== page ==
Here we are, back at the end of the world in 2012. Only this time it's 2012 B.C.E., as the gods of Olympus set out to take "man" in the form of early Greek civilization back to the Stone Age in a fit of Olympian pique.
Warner Bros. has revived Clash of the Titans, the ultimate '80s "sword and sorcery" epic, as a vehicle showing off the state of movie special effects in 3-D. The new film even references and scoffs at one of the puppet-animation characters (the mechanical owl) from the original 1981 film, as if to say, "Look what we can do now."
What we can do now makes for a sometimes fun ride and a digital bastardization of Greek mythology, with digital eagles, giant scorpions, wraiths and a Kraken, the sea beast to end all sea beasts.
What hasn't improved is the silly, archetypal story or the stagey arguments among the gods of Olympus. Liam Neeson is Zeus, in chrome armor that glows in soft focus.
"You are specks of dust beneath our fingernails," Hades hisses. Olympic trash talk.
Hades wants a sacrifice: the lovely Andromeda (Alexa Davalos). But not if Perseus (Sam Worthington) has anything to say about it. He's a demi-god. Zeus tricked his mom into Olympic sex. He has grown up knowing that Pete Postlethwaite and Elizabeth McGovern are his adoptive parents, although he has wondered about that ageless beauty Io (Gemma Arterton) who looks over him from the shadows.
And like the demi-gods of Percy Jackson and the Olympians, he has daddy issues.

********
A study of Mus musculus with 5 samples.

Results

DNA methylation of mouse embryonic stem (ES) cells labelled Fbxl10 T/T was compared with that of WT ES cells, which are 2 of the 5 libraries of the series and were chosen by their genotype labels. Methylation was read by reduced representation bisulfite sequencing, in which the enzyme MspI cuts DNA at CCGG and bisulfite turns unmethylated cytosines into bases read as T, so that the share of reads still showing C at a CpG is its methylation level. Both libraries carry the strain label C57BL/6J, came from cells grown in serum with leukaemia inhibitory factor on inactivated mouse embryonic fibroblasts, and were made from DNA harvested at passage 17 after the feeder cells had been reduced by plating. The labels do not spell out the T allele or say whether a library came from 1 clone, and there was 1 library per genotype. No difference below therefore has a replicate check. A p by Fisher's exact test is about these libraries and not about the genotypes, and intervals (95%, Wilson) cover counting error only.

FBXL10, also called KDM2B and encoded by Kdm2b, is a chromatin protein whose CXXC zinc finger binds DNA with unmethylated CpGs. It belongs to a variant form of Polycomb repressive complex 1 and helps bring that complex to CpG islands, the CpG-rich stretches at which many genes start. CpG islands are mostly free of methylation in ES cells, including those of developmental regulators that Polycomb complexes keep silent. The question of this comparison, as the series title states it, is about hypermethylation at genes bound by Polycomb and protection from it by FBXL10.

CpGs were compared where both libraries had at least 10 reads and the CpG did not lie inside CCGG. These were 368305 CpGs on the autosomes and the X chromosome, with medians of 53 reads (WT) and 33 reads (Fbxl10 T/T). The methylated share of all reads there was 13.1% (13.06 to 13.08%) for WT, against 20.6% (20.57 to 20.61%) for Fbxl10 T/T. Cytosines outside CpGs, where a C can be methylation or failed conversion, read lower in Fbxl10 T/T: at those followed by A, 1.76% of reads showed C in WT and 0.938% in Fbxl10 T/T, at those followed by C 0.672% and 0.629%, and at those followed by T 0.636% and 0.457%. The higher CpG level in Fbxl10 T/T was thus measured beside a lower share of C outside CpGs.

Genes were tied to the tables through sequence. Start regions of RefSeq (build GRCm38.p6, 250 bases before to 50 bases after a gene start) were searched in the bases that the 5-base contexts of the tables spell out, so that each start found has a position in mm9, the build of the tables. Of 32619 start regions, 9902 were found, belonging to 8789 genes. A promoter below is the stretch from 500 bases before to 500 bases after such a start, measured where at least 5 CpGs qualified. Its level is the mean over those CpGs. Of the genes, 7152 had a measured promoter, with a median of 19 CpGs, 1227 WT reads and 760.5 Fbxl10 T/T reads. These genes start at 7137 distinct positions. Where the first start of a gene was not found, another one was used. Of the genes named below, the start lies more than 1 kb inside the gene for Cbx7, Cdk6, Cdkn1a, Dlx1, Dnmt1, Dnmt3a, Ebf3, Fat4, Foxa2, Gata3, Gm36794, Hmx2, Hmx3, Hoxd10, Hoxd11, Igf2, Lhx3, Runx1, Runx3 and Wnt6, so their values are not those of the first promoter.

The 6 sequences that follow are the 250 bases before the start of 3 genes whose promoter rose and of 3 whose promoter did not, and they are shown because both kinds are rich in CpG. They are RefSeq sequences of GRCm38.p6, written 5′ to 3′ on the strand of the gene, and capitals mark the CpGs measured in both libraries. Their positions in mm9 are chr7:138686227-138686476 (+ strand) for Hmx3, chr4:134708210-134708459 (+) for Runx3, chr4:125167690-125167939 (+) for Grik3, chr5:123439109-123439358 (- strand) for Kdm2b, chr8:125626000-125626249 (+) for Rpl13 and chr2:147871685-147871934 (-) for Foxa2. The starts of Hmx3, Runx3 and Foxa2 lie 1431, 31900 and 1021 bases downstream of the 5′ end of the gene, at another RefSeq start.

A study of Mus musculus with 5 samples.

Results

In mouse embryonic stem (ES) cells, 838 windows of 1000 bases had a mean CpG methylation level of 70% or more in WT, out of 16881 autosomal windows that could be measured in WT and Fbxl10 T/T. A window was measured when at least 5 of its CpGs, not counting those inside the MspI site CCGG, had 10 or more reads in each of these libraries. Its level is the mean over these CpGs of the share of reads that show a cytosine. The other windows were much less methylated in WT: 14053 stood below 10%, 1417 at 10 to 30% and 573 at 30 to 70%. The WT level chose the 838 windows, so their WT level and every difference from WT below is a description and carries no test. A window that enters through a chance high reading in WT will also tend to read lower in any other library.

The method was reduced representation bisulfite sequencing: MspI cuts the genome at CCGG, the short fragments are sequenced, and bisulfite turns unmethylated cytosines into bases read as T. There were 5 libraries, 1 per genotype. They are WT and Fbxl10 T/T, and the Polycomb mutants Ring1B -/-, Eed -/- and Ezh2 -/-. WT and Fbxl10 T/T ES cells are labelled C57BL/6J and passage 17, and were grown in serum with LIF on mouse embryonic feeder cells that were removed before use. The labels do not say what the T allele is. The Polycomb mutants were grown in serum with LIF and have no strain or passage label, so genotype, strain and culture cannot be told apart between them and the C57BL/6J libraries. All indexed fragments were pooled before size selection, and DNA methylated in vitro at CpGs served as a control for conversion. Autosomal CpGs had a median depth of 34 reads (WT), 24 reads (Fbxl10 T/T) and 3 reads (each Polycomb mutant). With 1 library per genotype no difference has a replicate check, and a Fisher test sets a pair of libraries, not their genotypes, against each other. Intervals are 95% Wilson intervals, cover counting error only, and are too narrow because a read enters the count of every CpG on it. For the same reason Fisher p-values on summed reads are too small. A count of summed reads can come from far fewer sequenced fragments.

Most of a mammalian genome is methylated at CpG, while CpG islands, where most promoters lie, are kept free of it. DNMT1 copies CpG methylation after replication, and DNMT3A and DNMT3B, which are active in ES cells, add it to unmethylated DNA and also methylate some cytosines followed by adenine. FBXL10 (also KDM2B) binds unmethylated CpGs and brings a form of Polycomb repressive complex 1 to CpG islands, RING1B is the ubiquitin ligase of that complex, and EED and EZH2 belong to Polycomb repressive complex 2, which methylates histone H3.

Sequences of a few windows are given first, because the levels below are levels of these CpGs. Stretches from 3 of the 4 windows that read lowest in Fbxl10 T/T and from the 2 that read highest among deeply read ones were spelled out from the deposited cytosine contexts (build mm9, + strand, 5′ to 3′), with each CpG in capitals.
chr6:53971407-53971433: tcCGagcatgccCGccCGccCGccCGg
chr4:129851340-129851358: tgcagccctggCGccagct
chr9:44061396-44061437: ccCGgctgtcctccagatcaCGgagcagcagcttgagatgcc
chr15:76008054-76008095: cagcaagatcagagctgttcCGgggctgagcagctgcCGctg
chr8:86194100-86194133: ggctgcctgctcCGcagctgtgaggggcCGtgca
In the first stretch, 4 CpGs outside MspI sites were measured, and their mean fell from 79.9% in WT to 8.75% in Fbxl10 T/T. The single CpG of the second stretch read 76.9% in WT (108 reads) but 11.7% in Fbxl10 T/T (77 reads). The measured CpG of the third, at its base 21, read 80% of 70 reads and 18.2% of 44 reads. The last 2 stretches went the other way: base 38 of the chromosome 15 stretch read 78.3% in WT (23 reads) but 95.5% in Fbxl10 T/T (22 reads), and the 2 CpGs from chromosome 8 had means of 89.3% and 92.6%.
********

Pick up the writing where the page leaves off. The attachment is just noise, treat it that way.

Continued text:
Perseus sets out on a quest — to consult with witches, visit Medusa in Hades and find a means to defeat the Kraken and keep Hades at bay.
Worthington is emerging as the new Charlton Heston, an actor big enough to fill a big screen with his bigness. But he plays every role the same, always a crewcut Marine, here battling beasties in the distant past. His out-of-place haircut and unflattering hemline do the Terminator/Avatar star no favors.
The guy who really chews the Titans scenery is Mads Mikkelsen, the Dane who made a meek Bond villain (Casino Royale) but who makes a fierce warrior, Draco, who prepares Perseus and escorts him on his journey.
Louis Leterrier (The Incredible Hulk) directed this, and he benefits from terrific production design and art direction. The flinty, shattered shale hills of Wales and volcanoes of Tenerife provide backdrops for the palaces and temples of this Clash. Olympus looks like the Emerald City of Oz, without the emeralds.
There isn't a serious moment in it, and the light touches come from one-liners and supporting players. For all the impressive (but not dazzling) effects, the scattered jokes and the stentorian acting (especially from the Olympians), there's not much here that will stick with you after the popcorn's gone. But as any ancient Greek could tell you, that's sort of the point.